Few British politicians in the 21st century have built a reputation as David Cameron. A descendant of King Henry IV, David had a privileged childhood. He earned a first-class degree in philosophy, economics and politics from Oxford University and subsequently joined the conservative party where he served in various roles.

From Party Official To Prime Minister

Cameron’s rapid rise in popularity is likely due to his young, energetic and moderate nature which endeared him to many. He garnered more reputation as an MP becoming the Conservative Party leader in October 2005. Under his direction, the Conservative Party came first in the 2006 local elections, the party’s best run at the polls in 15 years.

His consistent critique of Gordon Brown and the 2008 economic crisis helped solidify the Conservative party’s position. In the 2010 general elections, the Conservative Party earned the biggest number of seats since 1931. After much wrangling, Cameron emerged as prime minister of a Conservative-Liberal Party coalition following Gordon Brown’s resignation as prime minister.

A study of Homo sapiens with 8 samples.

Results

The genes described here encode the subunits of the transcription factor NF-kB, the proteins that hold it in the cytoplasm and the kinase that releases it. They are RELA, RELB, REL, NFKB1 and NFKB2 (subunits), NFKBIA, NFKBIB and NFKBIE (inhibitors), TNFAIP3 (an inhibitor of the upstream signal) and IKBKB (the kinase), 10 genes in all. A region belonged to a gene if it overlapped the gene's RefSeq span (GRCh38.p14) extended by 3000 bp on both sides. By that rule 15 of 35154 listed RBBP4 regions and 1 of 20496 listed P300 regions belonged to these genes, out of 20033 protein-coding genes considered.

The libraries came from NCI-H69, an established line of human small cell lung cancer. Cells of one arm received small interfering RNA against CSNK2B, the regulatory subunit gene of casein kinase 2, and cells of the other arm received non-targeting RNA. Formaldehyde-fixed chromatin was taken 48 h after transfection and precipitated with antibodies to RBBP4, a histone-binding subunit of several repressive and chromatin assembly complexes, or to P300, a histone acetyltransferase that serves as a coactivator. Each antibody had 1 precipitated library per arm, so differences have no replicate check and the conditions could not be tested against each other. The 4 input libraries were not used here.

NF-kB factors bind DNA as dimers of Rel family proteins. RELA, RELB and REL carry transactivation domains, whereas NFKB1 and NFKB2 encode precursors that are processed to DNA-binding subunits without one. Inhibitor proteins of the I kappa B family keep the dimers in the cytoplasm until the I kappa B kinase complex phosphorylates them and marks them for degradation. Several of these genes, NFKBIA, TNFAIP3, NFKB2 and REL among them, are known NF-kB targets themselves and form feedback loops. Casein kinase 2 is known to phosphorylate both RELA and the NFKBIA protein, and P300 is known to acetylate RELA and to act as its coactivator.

Time At The Helm: From Scottish Referendum To Brexit

David Cameron’s time at the helm of British policy was eventful. His last-minute masterstroke killed the Scottish referendum for independence by promising greater powers to the Scottish government if they voted against it. However, nothing was as eventful as Brexit, Cameron’s referendum on Britain’s continued stay in the European Union. After entering into a new agreement with the EU for Britain’s continuous stay, David Cameron had hoped that voters would support him. 52% of voters sought an exit, and in the days that followed, Cameron had to leave his position sooner than expected. Regardless, he left a hero, successfully transforming the Conservative Party once again into a formidable player in British politics.